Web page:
Gender inequality refers to disparity between individuals due to gender. Gender systems are often dichotomous and hierarchical; binary gender systems may reflect the inequalities that manifest in numerous dimensions of daily life. Gender inequality stems from distinctions, whether empirically grounded or socially constructed.
In every country on earth, women are paid less for doing the same work as men. In the U.S., women earn only 77 cents on the dollar paid to men; women of ethnic minorities earn considerably less.
Saudi Arabia sits just four places ahead of Yemen. Since 2008, the kingdom’s literacy rate among women has dropped as has the primary and secondary school enrollment of girls. The report points out that “Saudi Arabia remains the lowest-ranking country in the region on political empowerment.
One consistent finding from the 1960s and 1970s is that psychological distress is greatest among wives with husbands who contribute litter. Family work can be fulfilling, but most women were respsonsible for virtually all of the most time consuming and less pleasant tasks like cleaning and washing. Th obligatory, relentless, and lonely nature of this work has been suggested as one reason for American household wives' high levels of depression in the 1950s and 1960s.
Trend statistics also reflect a striking reversal of a gender gap in college completion that once favored males. In 1960, 65% of all bachelor's degrees were awarded to men. Women continued to lag behind men in college graduation rates until 1982 when they reached parity with men. From 1982 onward the percentage of bachelor's degrees awarded to women continued to climb such that by 2005 women received 58% of all bachelor's degrees and comprised 57% of all college students.
In 1995 the commission said that the barrier was continuing “to deny untold numbers of qualified people the opportunity to compete for and hold executive level positions in the private sector.” It found that women had 45.7% of America's jobs and more than half of master's degrees being awarded. Yet 95% of senior managers were men, and female managers' earnings were on average a mere 68% of their male counterparts'.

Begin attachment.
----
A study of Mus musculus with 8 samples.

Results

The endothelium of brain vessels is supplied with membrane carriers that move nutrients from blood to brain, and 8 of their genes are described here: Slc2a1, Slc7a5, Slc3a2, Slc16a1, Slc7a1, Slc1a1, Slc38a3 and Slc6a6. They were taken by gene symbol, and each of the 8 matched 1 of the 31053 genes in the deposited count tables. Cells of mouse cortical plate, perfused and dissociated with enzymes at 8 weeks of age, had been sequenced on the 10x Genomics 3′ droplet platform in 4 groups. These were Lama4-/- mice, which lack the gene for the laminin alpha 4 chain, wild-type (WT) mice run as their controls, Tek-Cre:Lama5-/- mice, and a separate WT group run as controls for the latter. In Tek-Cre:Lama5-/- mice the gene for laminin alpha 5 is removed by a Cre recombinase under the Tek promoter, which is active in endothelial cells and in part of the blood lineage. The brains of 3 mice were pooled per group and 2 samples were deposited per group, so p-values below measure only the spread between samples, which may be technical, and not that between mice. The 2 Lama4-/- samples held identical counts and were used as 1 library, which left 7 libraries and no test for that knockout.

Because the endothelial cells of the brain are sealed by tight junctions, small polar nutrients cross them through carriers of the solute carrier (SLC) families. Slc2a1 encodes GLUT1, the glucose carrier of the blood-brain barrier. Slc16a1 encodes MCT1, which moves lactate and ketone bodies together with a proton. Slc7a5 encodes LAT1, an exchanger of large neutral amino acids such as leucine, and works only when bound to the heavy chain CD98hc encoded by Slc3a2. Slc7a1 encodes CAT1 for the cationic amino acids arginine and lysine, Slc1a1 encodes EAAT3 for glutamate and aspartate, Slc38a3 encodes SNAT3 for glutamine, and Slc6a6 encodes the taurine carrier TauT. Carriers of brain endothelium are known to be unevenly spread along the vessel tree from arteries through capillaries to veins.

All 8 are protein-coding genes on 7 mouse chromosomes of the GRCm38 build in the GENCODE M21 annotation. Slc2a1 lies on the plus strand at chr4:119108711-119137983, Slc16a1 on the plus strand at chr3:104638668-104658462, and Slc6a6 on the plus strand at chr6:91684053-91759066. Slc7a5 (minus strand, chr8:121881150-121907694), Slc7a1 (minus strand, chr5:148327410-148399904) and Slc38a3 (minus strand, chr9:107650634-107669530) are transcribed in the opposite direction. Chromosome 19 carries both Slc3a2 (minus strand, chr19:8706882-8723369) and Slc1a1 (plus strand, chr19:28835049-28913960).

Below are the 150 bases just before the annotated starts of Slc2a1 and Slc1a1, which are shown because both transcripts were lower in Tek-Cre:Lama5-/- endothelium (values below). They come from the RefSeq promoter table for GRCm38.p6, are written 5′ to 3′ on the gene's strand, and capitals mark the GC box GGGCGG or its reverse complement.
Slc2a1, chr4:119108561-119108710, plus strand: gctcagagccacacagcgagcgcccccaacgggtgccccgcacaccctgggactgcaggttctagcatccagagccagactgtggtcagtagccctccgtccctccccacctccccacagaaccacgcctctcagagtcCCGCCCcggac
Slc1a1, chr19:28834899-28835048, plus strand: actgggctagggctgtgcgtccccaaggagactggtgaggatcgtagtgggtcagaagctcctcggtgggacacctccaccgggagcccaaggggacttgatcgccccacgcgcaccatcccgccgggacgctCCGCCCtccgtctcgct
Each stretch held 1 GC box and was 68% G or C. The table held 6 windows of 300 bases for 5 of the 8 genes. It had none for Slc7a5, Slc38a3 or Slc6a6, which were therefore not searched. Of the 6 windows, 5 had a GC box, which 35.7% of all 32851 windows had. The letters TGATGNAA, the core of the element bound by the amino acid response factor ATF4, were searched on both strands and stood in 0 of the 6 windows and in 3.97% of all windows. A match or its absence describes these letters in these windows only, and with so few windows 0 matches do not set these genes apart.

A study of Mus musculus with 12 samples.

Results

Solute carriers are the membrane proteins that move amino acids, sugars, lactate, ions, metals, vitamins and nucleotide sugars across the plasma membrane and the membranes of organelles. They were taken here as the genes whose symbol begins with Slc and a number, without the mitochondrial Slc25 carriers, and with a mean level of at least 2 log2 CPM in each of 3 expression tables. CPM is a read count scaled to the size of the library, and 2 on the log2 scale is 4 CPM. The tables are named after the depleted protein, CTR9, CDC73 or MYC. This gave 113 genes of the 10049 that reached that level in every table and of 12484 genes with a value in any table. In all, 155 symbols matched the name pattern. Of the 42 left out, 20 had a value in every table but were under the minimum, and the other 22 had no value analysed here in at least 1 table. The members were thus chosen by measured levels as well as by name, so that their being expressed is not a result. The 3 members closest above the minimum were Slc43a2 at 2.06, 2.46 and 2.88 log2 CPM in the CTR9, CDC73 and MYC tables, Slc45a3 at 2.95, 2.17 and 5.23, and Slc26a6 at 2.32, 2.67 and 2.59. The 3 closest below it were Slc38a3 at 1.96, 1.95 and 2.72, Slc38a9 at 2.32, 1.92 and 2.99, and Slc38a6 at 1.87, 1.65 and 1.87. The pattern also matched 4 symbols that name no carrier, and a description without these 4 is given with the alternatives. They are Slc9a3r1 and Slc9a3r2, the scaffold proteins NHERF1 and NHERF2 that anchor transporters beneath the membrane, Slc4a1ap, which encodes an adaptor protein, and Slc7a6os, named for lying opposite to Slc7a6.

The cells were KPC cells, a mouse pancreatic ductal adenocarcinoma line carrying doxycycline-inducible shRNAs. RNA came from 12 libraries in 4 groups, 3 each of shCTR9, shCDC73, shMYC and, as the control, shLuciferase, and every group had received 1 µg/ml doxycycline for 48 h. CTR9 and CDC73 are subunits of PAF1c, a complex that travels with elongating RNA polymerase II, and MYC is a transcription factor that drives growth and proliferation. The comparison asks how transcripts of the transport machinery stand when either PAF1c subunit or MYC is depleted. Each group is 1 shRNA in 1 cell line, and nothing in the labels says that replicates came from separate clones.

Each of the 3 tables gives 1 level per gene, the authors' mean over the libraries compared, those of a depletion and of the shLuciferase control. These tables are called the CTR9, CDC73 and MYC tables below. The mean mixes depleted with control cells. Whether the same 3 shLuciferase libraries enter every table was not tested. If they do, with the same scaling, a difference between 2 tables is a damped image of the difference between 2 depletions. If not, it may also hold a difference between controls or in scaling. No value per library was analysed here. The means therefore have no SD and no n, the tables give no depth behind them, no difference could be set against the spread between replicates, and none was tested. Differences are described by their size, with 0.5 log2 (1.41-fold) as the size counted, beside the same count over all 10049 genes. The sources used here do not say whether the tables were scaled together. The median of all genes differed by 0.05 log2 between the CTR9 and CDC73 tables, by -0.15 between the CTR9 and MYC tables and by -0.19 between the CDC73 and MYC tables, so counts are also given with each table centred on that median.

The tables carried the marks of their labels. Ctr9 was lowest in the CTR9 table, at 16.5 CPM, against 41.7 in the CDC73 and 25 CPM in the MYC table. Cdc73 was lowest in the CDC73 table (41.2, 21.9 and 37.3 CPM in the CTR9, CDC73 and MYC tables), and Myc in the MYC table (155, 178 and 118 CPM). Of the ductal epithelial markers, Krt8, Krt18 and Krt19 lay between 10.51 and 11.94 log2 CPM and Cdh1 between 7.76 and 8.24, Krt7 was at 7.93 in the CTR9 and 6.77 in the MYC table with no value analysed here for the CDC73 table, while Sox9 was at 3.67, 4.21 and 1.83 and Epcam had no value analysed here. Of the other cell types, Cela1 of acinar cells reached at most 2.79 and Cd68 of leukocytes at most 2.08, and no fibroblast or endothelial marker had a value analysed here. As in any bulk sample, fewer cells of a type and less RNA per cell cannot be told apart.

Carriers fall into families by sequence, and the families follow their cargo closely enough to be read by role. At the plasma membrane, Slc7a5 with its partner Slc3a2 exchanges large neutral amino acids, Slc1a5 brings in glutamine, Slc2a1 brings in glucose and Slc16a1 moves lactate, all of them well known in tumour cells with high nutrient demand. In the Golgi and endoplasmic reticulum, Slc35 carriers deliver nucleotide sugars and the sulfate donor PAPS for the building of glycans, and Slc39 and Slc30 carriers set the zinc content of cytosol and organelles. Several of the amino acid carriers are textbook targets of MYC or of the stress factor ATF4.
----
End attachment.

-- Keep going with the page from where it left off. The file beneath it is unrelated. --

In contrast to the gender wage gap and differences in access to education, inequality in labor market participation rates does not necessarily involve gender discrimination, as females may choose not to work or to work fewer hours if they take care of children or other family members. Discrimination in access to jobs, in job promotion or wages, on the other hand, may lead to a reduction in the female labor supply, thereby signaling discrimination too.
At the bottom of the rankings are countries whose presence comes as no surprise. The worst nation in terms of gender equality is Yemen, where women have yet to attain 50 percent of the status of men.
While differences in earnings remain relevant here as well, historically, major expressions of gendered agency inequality have been found, for example, that the wife lost a basic civil right if her husband had the sole right to exercise economic control in the family. In analyses of gendered agency inequality, a classical theme has focused on what Pateman (1989) once described as the "Wollstonecraft's Dilemma", referring to women's choice between paid and unpaid work. The continuing centrality of this dilemma reflects the fact that while in Western societies the labour market is the key arena on which economic and other inequalities amongst citizens are based and developed, on this arena women have traditionally more or less marginal participants.
After the career years, women are only half as likely as men to receive a pension, which will be half the amount awarded to men. This could explain why 75% of 85-year-old Social Security recipients are female and why women are almost twice as likely as men to spend their later years in poverty.
In the case of the separate spheres work ideal, women are assumed to be inherently suited to serve men, which renders them naturally prepared to perform unpaid labor for their husbands and children. In conjunction with being economically dependent on men and fearing violence from them, the separate spheres ideal perpetuates the idea that women are naturally in need of protection and provision.
Ten years on, women account for 46.5% of America's workforce and for less than 8% of its top managers, although at big Fortune 500 companies the figure is a bit higher. Booz Allen Hamilton, a consulting firm that monitors departing chief executives in America, found that 0.7% of them were women in 1998, and 0.7% of them were women in 2004. In between, the figure fluctuated, but the firm says that one thing is clear: the number is “very low and not getting higher”.